D. C. Stephenson

David Curtiss “Steve” Stephenson (21 August 189128 June 1966) was an American Grand Dragon (state leader) of the Ku Klux Klan in the U.S. state of Indiana and 22 other northern states. He is considered to have been one of the most successful Klan leaders up until his downfall with his conviction for murder which led to the end of the second wave of Klan activity.


Grand Dragon of the Ku Klux Klan

Stephenson was born in Houston, Texas and moved with his family to Maysville, Oklahoma, where he worked as a printer's apprentice and was active in the Socialist Party. In 1920 he moved to Evansville, Indiana, where he became a salesman and joined the Democratic Party and the Ku Klux Klan. In November 1922, Stephenson backed Hiram Wesley Evans in his attempt to unseat William J. Simmons as Imperial Wizard of the Ku Klux Klan; upon Evans' ascendancy, Stephenson was made Grand Dragon of Indiana and 22 other northern states.

Membership in the states for which he was Grand Dragon grew dramatically. In Indiana alone membership grew to nearly 300,000, or about one third of all white males in the state. Stephenson acquired great wealth, political power, and hubris. In a speech to the 1923 Fourth of July gathering of the Ku Klux Klan in Kokomo, Indiana, Stephenson began, “My worthy subjects, citizens of the Invisible Empire, Klansmen all, greetings. It grieves me to be late. The President of the United States kept me unduly long counseling on matters of state. Only my plea that this is the time and the place of my coronation obtained for me surcease from his prayers for guidance.” Encouraged by his success, in September 1923, Stephenson severed his ties with the existing national organization of the Ku Klux Klan, and formed a rival Ku Klux Klan. Stephenson changed his affiliation from the Democratic to the Republican Party; and notably supported Republican Ed Jackson when he ran (successfully) for Governor in 1924.

Convicted of murder

Publicly a Prohibitionist and a defender of “Protestant womanhood”, his spectacular 1925 trial for murder led to the downfall of the “Second Wave” of Klan activity. Stephenson was responsible for the abduction, forced intoxication, and sadistic rape of Madge Oberholtzer (who ran a state program to combat illiteracy), all leading to her suicide attempt and eventual death. Among other atrocities, Stephenson had ferociously bitten her so many times that one man who saw her described her condition as having been “chewed by a cannibal.” The jury convicted Stephenson of second-degree murder on 14 November 1925, on its first ballot. Stephenson was sentenced to life in prison on 16 November 1925.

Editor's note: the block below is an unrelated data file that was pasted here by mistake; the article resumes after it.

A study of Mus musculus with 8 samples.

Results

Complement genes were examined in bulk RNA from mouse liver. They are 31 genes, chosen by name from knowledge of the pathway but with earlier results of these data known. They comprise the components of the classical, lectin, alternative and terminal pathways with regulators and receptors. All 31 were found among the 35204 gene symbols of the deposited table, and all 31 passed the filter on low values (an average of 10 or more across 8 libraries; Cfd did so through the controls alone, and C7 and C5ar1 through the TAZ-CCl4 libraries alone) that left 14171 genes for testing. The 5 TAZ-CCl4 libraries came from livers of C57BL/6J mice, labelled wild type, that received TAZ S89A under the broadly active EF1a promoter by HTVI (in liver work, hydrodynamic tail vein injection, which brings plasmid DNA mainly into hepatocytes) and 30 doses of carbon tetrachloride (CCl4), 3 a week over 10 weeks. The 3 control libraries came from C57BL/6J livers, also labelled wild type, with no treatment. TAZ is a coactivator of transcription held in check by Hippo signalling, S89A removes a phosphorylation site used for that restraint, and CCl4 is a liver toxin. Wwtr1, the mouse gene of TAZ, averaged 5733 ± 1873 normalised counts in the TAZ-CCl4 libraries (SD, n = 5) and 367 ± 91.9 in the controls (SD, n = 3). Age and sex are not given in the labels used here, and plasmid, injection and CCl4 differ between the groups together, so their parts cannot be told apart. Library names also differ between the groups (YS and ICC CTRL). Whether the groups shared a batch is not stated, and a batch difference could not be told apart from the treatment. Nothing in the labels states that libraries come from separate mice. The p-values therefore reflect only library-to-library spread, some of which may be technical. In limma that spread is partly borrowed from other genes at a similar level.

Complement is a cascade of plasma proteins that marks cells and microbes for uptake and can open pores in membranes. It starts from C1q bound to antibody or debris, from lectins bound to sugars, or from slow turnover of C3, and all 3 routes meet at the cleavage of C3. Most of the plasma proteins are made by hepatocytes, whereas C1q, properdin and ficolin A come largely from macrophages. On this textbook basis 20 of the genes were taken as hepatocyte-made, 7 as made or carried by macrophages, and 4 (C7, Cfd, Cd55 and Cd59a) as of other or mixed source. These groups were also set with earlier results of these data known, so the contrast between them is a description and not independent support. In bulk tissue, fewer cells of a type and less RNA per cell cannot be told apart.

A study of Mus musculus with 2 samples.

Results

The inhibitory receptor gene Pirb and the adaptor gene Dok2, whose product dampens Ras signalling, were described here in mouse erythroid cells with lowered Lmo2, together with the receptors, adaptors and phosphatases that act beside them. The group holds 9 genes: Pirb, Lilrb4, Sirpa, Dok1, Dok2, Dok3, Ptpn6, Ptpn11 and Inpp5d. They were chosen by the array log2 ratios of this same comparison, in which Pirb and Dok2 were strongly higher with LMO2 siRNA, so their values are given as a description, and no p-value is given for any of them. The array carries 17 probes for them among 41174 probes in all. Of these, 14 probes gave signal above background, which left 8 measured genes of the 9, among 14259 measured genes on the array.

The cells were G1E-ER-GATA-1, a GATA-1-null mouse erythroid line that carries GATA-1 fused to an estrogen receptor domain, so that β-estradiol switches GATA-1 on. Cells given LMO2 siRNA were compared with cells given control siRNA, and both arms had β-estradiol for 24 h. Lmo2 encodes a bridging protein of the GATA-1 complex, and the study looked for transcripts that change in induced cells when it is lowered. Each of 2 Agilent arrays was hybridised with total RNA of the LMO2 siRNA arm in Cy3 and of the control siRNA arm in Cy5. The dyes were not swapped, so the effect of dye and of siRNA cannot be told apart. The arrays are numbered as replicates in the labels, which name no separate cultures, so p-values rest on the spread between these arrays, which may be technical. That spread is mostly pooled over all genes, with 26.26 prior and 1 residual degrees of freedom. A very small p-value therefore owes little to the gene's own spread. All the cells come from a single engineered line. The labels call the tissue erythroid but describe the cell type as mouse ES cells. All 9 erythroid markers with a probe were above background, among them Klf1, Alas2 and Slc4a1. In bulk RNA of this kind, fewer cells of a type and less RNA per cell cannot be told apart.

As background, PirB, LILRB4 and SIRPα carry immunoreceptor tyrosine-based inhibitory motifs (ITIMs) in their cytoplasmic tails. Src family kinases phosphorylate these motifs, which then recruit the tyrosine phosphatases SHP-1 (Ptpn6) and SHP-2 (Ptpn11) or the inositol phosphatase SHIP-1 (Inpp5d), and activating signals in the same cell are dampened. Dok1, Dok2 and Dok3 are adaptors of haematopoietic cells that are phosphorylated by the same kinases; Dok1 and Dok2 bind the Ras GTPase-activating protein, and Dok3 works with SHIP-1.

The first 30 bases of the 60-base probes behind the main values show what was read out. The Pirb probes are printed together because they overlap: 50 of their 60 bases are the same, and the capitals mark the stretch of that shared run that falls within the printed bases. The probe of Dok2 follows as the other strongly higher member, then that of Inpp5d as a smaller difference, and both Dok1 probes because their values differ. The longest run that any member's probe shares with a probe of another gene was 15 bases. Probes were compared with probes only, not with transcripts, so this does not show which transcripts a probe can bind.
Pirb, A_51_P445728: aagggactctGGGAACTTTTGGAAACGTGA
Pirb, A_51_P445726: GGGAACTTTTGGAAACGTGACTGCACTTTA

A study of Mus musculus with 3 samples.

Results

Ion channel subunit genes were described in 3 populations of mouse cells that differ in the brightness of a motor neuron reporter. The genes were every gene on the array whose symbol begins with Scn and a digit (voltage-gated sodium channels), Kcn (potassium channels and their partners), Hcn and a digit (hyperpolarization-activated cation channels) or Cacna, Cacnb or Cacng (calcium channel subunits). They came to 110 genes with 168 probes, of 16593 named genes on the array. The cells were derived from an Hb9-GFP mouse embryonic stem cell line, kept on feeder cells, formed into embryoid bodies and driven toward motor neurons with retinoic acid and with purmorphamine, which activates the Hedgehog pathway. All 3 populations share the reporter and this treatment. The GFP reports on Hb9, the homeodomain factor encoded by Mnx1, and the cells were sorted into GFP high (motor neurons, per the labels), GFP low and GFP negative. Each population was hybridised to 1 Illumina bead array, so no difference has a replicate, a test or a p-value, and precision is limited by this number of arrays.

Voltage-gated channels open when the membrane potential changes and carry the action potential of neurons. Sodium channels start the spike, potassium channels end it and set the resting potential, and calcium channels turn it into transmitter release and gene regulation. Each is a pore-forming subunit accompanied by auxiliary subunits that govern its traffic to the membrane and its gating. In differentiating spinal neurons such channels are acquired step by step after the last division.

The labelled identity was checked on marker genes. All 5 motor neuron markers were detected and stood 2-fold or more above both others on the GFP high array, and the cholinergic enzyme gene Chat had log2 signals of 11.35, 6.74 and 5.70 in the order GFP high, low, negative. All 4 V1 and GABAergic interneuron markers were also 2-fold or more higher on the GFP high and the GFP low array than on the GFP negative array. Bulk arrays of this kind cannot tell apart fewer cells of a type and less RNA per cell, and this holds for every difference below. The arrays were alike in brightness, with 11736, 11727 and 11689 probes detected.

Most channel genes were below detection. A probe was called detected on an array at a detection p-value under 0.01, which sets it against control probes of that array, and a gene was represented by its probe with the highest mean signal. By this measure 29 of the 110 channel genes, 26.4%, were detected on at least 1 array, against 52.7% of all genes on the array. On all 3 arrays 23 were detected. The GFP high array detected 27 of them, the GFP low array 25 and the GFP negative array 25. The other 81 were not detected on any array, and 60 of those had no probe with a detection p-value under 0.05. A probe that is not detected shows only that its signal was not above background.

In vengeful response to his conviction and to the refusal of Governor Jackson to grant clemency or to commute his sentence, on 9 September 1927 Stephenson released lists of public officials who were or had been on the Klan payroll.

On 7 January 1941, the Valparaiso Vidette-Messenger reported that Democratic Governor Townsend was considering granting an early parole application by Stephenson; if so, this application was rejected.

Stephenson was paroled on 23 March 1950, but violated parole by disappearing on or before 25 September 1950. On 15 December 1950, he was captured in Minneapolis, and directed in 1951 to serve a further 10 years in prison. In 1953, he pleaded for release from prison, denying that he had ever been a leader of the Klan. On 22 December 1956, he was paroled again, on condition that he leave Indiana and never return. In 1961, he was arrested on charges of attempting to sexually assault a sixteen-year-old girl, and released after paying a $300 fine.

Stephenson is credited with the quote, “Everything is fine in politics as long as you don't get caught in bed with a live man, or a dead woman.” He was infamous for having claimed "I am the law in Indiana."

Stephenson died in Jonesborough, Tennessee. He is buried in Johnson City, Tennessee.